July 20, 2016

Twitter has spent much of its life promoting itself as a haven for free speech—the “free-speech wing of the free-speech party,” as a number of senior executives have described it. But that commitment is proving to be a lot more complicated than Twitter probably hoped it would be, as it tries to figure out how to cope with systemic harassment and abuse.

The latest flashpoint in this ongoing battle came on Tuesday, when the account of notorious troll Milo Yiannopolous—also known as Nero—was permanently banned by Twitter, following a torrent of racist and sexist abuse directed at comedian Leslie Jones that she says has forced her to leave the service completely.

Twitter (twtr) hasn’t commented publicly about the banning of Yiannopolous, because the company has a policy of not commenting on specific user accounts. However, it did release a statement saying: “People should be able to express diverse opinions and beliefs on Twitter. But no one deserves to be subjected to targeted abuse online, and our rules prohibit inciting or engaging in the targeted abuse or harassment of others.”

Somewhere in between those two sentences is the line that Twitter is trying to find, and is being forced to draw: When does expressing an opinion, or engaging in an argument or debate, turn into orchestrated or targeted abuse and harassment?

At the heart of the problem is the fact that Twitter has spent so much time touting itself as a protecter and defender of free speech, unlike other more restrictive platforms such as Facebook (fb). Co-founder and former CEO (and current board member) Evan Williams and others have written a number of times about how “the tweets must flow” in response to demands for censorship from various governments.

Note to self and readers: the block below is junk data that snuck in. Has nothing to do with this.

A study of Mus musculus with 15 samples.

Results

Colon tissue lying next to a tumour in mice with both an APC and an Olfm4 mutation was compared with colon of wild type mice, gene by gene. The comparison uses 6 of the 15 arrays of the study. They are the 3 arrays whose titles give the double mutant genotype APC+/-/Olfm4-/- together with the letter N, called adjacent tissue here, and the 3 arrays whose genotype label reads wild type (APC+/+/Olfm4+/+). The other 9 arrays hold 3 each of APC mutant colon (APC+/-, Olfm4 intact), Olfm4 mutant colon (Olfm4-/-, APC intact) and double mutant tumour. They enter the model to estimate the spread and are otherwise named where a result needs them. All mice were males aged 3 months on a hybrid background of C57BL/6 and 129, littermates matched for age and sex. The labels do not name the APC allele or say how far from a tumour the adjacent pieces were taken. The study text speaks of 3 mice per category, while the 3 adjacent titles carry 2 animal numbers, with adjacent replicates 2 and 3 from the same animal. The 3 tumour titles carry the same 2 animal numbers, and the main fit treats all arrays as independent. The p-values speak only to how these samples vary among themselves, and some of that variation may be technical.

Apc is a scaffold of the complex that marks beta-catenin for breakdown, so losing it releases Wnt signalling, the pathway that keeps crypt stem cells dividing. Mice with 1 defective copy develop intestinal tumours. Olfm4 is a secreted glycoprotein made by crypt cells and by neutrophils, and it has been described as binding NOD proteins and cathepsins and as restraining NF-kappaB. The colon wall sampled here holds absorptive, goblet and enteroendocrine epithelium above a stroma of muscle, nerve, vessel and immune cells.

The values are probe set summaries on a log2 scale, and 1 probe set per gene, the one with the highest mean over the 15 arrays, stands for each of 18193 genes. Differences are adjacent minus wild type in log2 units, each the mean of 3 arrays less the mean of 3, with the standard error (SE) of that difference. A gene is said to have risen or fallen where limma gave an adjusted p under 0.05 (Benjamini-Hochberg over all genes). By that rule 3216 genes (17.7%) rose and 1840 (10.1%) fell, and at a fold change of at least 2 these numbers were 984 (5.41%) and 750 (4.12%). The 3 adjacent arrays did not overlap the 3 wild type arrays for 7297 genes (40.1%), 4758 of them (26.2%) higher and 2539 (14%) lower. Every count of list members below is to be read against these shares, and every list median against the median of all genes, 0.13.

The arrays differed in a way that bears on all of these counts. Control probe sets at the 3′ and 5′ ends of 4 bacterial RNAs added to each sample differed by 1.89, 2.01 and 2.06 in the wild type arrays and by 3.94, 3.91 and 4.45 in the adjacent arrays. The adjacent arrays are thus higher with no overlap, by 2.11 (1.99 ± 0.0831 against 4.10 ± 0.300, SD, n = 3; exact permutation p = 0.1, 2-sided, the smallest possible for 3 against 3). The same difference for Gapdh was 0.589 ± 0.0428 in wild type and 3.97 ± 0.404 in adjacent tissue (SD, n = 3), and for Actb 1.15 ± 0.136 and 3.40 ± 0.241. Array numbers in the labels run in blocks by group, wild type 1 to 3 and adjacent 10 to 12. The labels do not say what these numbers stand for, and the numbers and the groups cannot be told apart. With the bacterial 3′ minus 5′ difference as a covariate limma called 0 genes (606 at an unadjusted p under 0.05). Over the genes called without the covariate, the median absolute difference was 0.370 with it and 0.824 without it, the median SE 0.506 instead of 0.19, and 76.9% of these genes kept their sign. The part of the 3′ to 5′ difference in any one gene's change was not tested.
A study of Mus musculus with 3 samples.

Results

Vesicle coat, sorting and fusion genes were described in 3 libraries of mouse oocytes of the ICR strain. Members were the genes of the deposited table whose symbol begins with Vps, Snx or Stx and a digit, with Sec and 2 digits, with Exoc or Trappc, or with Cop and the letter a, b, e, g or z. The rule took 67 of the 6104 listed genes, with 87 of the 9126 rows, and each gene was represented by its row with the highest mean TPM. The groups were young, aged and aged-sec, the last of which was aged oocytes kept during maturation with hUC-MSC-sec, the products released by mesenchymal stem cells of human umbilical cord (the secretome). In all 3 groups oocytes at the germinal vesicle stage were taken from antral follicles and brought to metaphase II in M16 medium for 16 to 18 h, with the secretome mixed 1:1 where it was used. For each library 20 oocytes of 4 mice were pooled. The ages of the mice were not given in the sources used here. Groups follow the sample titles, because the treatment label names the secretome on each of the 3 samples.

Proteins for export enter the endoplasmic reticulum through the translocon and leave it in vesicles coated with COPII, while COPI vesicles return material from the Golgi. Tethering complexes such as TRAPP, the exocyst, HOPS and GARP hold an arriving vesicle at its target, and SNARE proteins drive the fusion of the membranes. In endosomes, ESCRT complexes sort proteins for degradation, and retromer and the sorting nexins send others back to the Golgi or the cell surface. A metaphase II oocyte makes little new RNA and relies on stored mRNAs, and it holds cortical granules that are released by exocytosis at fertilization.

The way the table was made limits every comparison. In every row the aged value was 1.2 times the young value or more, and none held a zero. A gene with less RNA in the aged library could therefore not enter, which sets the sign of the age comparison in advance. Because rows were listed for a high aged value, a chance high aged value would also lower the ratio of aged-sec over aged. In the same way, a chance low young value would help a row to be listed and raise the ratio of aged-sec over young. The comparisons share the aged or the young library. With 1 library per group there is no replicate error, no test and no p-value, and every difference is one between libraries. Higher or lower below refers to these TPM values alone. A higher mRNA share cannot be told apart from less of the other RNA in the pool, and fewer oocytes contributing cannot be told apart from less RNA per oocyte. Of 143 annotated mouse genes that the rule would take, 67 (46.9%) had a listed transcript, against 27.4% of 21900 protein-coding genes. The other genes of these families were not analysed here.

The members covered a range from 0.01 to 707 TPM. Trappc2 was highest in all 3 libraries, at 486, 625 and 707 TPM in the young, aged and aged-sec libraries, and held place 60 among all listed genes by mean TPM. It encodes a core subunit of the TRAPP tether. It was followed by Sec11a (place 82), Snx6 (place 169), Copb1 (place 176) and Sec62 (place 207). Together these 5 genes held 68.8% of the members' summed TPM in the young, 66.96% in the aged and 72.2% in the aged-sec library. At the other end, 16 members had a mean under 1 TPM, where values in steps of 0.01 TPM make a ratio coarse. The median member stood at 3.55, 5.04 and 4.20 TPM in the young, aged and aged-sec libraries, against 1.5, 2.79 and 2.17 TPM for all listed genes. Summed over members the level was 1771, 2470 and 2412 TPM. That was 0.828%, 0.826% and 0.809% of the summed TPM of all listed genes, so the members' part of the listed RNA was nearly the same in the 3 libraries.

Twitter has promoted the fact that it stands up to these demands and fights for the rights of users. But now it has to prove that it can find a way to defend the free-speech rights of some users, while protecting others from the harassment and abuse caused by that speech.

In the case of Yiannopolous, the technology editor for the right-wing news site Breitbart, the abuse directed at Jones appears to have been the last straw. He had his account suspended for similar kinds of behavior during the “GamerGate” controversy, and eventually lost his verified-user badge because he was seen as encouraging and participating in a campaign of abuse.



While he may be an obvious candidate for blocking or banning based on a pattern of abusive behavior, not everyone is satisfied that getting rid of trolls such as Yiannopolous—or conservative writer Chuck Johnson, who has also been permanently banned—shows that Twitter knows how to combat abuse.

The company has been criticized for some time by victims of harassment who say that it goes after prominent bad actors like Yiannopolous when enough noise is made about them, but doesn’t do enough to stop abuse by accounts that don’t have his public profile or get as much attention. The company admitted on Tuesday that there was some truth to those criticisms, saying:

We know many people believe we have not done enough to curb this type of behavior on Twitter. We agree. We are continuing to invest heavily in improving our tools and enforcement systems to better allow us to identify and take faster action on abuse as it’s happening and prevent repeat offenders.

Twitter went on to say that the company is in the process of reviewing its hateful conduct policy to “prohibit additional types of abusive behavior and allow more types of reporting, with the goal of reducing the burden on the person being targeted. We’ll provide more details on those changes in the coming weeks.” Twitter also recently said verification will now be open to any user, not just celebrities and the media.


Because of the way it developed—with a focus on free and unfettered speech, and a tolerance for anonymity that Facebook and other services have never had—Twitter’s job is a lot harder. How can it crack down on systemic abuse without making it look as though its commitment to free speech was just a sham? Finding a balance between those two things may actually be impossible.

And even if it isn’t impossible, as Jillian York points out, it would take a massive investment of time and resources to develop a system that would stamp out such abuse among more than 300 million accounts posting billions of tweets every day. Does Twitter even have the ability to do that, given its money-losing status and a share price that is still near historic lows?